Death doesn’t have to be scary. Talking about death early can bring peace before passing.
By Meredith Lumberg
We are taught in medicine how to treat illness, find cures, and prevent morbidity and mortality. One lesson school forgot to teach us is that we all die. In western culture, it’s not common to talk about death, so I’m here to start the conversation with you.
I wouldn’t be surprised to hear you shy away from visiting your grandparents’ nursing home, your hesitance to attend your great aunt’s funeral, or that hospitals make you uncomfortable. The experiences you’ve gone through likely shape your own perspective on death. It’s preferred by most to not think about it, because death is not celebrated, appreciated, or prepared for, especially in the U.S.
How does this connect to you? You’re young, healthy, and have your whole life ahead of you. That’s probably true for both you and me. Probably.
As a volunteer for a local hospice organization and as a pharmacy student gaining experience in end-of-life care, I can vouch that death is more common than you see daily. While most of the patients I see are well past retirement age, and as they like to say, “have lived a good life,” there are always exceptions. These exceptions often include sudden accidents or young people with cancer. Unfortunately, these incidents often leave patients with loose ends and their family members with tough decisions to make. If you don’t talk about death before it happens, it may not go the way you want.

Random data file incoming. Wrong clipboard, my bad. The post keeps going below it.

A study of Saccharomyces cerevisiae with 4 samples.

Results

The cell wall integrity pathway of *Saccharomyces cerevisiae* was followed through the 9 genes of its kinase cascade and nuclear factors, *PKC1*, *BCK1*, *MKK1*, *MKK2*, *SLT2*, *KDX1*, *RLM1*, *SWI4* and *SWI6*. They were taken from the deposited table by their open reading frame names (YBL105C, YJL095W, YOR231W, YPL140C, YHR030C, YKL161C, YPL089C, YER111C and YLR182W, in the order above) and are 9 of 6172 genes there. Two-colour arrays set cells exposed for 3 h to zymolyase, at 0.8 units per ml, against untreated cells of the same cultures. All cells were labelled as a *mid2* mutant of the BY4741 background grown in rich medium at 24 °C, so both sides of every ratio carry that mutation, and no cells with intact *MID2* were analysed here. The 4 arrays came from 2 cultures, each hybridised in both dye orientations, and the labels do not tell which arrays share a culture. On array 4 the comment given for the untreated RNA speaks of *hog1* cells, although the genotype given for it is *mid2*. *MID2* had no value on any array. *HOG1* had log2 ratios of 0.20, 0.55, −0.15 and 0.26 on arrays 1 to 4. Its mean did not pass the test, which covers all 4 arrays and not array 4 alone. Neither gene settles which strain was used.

How can you fix that?
1. Start by writing down your thoughts
Would you want to be an organ donor? (It saves lives)
Would you want something down your throat to help you breathe?
Would you want a tube in your nose to help feed you?
How do you envision your funeral?
Do these questions make you uncomfortable? That’s okay. Like I said, it’s ingrained in our culture.
2. Talk to your family or friends
Start a conversation with those closest to you about this topic. Ask them about their wishes and tell them about what you would want at the end of your life. Tell them about how this article sparked your interest, so they have no need to worry. It may be a new and surprising topic for them, so be prepared for funny looks at first, but expect a productive discussion to follow.
3. Fill out an advance directive
This is a document that helps guide others in the healthcare decisions you might want if you are not able to make your own. You can also make this document official if you get it notarized.
If you made it this far, this is probably the most you’ve thought about death. Talking about dying can help you avoid unnecessary suffering for yourself and those closest to you to bring peace before passing. With communication and understanding, we can all have a good death.